Cocaine use
A white collar cocaine user Yvonne Hemsey/Getty Images

Police say cocaine of almost 100% purity has hit the UK with the potential to kill users who are accustomed to snorting batches of the drug heavily cut with other substances.

Officers in Eastbourne, Kent, said exceptionally strong batches of cocaine and heroin were circulating in the area and may be connected to two recent drug deaths, according to the Eastbourne Herald.

Cocaine purchased in London by the end user is rarely more than 25% pure.

A report by VICE News said dental anaesthetic benzocaine and glucose were popular cutting agents for dealers looking to stretch their product.

Detective Inspector Neil Ralph said, "Since April there have been a number of drug overdoses in the town and two drug-related deaths.

"We investigate all drug overdoses and drug-related deaths and look to identify who has supplied the drugs and seek a prosecution.

"This can be difficult at times because it is often the case the only person who knows the source of the drug is deceased."

The discovery of strong cocaine on British shores is more surprising than the report of highly potent heroin, which is thought to have been responsible for a number of deaths this year.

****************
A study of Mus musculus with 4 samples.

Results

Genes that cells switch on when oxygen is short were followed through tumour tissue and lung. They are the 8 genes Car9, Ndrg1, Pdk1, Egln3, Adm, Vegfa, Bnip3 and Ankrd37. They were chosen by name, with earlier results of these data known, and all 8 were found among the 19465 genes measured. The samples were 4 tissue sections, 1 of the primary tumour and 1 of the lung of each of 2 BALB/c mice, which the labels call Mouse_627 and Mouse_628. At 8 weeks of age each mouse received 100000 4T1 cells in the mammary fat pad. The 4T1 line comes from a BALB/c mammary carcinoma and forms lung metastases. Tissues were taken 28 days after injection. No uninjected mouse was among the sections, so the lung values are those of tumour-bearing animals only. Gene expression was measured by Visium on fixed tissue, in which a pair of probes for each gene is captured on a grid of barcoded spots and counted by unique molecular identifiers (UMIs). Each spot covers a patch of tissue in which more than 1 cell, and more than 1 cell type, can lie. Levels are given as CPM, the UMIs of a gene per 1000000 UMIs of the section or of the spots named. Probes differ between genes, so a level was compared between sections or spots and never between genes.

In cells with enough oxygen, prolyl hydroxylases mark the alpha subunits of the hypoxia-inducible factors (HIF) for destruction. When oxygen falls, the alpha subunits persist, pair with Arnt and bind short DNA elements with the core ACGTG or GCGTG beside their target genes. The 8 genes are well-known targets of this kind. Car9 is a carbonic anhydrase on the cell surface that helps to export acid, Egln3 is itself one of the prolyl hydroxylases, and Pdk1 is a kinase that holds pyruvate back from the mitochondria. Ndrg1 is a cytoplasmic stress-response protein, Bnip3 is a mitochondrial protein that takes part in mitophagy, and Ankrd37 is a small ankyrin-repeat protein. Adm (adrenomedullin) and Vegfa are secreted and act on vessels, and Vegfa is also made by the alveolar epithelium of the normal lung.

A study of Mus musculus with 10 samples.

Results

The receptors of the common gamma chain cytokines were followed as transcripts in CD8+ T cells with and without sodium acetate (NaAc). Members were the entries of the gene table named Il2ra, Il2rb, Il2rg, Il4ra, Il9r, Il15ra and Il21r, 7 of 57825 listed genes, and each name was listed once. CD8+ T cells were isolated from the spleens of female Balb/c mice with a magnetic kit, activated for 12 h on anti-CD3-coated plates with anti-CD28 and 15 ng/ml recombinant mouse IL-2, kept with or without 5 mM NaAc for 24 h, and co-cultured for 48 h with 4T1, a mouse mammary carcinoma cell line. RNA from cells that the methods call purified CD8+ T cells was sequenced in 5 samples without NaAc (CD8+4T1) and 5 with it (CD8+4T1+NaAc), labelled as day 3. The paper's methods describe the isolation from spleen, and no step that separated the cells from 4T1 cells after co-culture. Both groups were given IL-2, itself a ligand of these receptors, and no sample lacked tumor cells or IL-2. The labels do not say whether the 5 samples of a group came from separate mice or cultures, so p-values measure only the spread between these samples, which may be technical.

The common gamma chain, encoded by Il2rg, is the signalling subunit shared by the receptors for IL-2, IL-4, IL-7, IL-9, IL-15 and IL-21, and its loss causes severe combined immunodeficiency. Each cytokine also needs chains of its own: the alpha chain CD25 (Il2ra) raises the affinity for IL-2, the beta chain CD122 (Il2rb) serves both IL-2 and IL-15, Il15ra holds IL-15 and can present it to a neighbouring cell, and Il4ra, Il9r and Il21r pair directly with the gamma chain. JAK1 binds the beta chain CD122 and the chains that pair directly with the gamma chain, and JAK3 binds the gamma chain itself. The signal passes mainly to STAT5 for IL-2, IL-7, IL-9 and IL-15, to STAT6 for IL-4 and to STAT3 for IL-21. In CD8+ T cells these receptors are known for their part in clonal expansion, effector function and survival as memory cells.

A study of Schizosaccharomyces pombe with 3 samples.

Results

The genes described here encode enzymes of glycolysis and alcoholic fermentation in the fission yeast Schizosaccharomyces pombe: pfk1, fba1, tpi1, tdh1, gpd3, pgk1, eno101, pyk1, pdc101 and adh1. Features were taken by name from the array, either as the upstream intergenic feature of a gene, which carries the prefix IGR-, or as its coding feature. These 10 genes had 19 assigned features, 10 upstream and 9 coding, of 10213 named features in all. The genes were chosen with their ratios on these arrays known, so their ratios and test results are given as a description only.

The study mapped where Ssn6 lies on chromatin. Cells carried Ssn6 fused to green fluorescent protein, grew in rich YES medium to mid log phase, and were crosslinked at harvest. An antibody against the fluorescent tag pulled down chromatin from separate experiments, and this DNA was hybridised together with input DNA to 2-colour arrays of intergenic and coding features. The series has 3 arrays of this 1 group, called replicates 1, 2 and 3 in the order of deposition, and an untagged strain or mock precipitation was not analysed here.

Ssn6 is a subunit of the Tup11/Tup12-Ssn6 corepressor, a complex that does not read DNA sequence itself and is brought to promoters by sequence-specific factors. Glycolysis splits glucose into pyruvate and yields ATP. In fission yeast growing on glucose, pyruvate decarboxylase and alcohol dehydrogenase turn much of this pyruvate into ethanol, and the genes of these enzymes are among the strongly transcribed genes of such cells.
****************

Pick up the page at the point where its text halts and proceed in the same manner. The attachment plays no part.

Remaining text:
Police in Yorkshire are investigating whether six people who died in the space of 48 hours over the Easter weekend may have all taken an unusually strong strain of heroin.

On 27 April, the National Crime Agency (NCA) warned that UK street heroin was being cut fentanyl, a synthetic opioid 100 times more powerful and carfentanyl, estimated to be 10,000 times more powerful.

"We have taken the unusual step of appealing to people to be vigilant," said Tony Saggers, head of drugs threat and intelligence at the NCA.

Fentanyl is a potent opioid which has caused many overdoses in the US and is feared to be spreading to the UK Joe Amon/Getty

"I am particularly concerned that drug dealers within established heroin markets may have purchased fentanyl, carfentanyl, or similar substances from this facility. They may not know how dangerous it is, both to them when they handle it, and to their customers," he added.

Earlier this month reports emerged that the new £5 banknote is causing cuts to to the inside of people's noses when they use it to snort cocaine. Suffering the side-effect has become known as "getting Winstoned".

Ralph said: "Taking drugs in any form is dangerous, particularly when the user does not know the purity of the drug."